Being a twin mum is harder than I imagined, and there are different challenges at every turn. The lack of sleep hits me in the face every time I look in the mirror, as our quest for some decent blocks of sleep of a night continues. Whilst trying to tell my husband what I’d read about the effects of chronic sleep deprivation, it took me a long, blank-staring, eyebrow-furrowing 10 whole seconds to think of the word ‘function’. Oh the irony.
As parents we all have our own little must-have items that make our lives that little bit easier each day. A favourite toy or activity guaranteed to cheer even the grumpiest baby. (Jumperoo, anyone?) Stacks of clean vests/bibs in every room. Packs of baby wipes everywhere.
But the one thing I’d be lost without can’t be bought.
As a twin mum, what you really need in life is… other twin mums.
Find your local twins club, join Facebook multiples groups, follow some twin mums on Twitter or Instagram and get chatting, or maybe contact your local Children’s Centre to see if they run any twins groups. Just find them!
Singleton mum friends are great too, of course, but it’s amazing what being with a group of twin parents can do for your soul.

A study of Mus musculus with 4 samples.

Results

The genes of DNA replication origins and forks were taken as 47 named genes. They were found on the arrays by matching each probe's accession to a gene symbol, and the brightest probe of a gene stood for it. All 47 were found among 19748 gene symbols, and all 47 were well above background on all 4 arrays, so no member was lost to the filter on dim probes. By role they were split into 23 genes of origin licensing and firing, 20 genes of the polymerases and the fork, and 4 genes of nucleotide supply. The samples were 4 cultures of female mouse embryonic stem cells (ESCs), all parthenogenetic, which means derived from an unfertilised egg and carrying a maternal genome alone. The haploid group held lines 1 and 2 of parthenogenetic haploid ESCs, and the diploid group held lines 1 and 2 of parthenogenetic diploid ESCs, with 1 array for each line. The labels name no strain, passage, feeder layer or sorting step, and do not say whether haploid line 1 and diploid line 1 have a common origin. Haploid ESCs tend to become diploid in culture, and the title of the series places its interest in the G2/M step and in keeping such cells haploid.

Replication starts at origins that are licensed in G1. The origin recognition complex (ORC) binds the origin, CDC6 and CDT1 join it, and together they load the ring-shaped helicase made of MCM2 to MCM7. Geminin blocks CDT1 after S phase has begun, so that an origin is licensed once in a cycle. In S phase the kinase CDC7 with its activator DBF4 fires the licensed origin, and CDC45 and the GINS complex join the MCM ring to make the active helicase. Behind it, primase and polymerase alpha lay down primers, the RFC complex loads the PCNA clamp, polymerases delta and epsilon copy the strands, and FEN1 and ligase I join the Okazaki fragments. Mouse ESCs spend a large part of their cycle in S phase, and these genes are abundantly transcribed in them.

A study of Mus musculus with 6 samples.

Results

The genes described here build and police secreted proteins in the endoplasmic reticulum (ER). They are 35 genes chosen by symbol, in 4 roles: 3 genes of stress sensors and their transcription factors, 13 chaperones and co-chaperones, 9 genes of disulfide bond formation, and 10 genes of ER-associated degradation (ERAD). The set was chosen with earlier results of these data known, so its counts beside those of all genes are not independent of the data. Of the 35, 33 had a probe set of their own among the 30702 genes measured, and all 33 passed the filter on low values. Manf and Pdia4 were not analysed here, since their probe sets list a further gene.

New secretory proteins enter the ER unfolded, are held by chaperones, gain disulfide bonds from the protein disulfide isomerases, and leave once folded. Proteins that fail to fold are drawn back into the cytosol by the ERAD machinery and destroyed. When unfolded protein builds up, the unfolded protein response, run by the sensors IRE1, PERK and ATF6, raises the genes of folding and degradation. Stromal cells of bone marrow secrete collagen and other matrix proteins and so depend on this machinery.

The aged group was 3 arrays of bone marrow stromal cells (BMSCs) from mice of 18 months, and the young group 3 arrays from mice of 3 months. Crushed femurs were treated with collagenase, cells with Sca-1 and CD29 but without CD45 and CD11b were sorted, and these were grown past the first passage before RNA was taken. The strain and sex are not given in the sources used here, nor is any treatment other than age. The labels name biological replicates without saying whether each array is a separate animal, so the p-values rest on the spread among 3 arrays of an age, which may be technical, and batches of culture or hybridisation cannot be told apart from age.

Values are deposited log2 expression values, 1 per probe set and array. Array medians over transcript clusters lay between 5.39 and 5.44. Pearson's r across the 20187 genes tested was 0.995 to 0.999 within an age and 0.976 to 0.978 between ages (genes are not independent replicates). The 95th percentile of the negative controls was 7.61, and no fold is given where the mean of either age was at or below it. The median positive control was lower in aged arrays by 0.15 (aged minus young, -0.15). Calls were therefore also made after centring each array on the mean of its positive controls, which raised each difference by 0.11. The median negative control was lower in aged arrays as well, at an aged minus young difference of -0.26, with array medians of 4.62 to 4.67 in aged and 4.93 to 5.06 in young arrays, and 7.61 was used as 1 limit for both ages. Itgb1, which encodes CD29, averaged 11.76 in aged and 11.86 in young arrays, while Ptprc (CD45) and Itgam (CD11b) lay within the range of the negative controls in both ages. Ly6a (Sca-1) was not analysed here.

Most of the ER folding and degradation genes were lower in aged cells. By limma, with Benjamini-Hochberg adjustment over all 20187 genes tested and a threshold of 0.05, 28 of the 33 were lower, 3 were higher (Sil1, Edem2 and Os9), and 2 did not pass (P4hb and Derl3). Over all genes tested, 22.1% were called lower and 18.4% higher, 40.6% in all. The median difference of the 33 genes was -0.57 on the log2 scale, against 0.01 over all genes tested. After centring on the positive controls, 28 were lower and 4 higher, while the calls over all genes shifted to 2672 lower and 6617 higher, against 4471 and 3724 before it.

If you’re lucky enough to meet as lovely a group of twin mums as I have been, here’s what you can hope to gain…
Forget ‘What to Expect in the First Year’ and its ilk, (like we have time to read anyway)… meeting lots of twin mums with children of different ages means you’re likely to find out what you might be able to expect in the next month or two.
Need the loo? Something from your bag? 2 minutes to take a breather outside and remember what it’s all about? There will be a pair of arms to hold your grizzliest child while you get yourself together.
You’re all up against it in some way. But sometimes seeing how others cope in different circumstances gives you a little hope.
Babies are tiny but expensive little things, so anywhere you can save money can come in really handy! Twin clubs can be a great place to find nearly new clothes, buggies, toys etc.
The opportunity to just blend in.
Twins, especially babies, attract a lot of attention in the outside world. It’s nice to feel special but sometimes you’d rather not stick out like a sore thumb.
The ability to vent your frustrations at people who completely get it.
And if you need to have a little cry, go ahead. Other twin mamas understand that having a cry once in a while is not a weakness or a sign that you are not coping – they just acknowledge that it is relentless, hard work.
So you might not get much sleep for while. Your vocabulary may decrease exponentially. The laundry mountain will probably never be conquered.
But we’re pretty darn lucky.
And when mums become mum friends who become simply friends, you’ll have someone there on the end of the phone, or to text, keeping you sane when it all gets too much.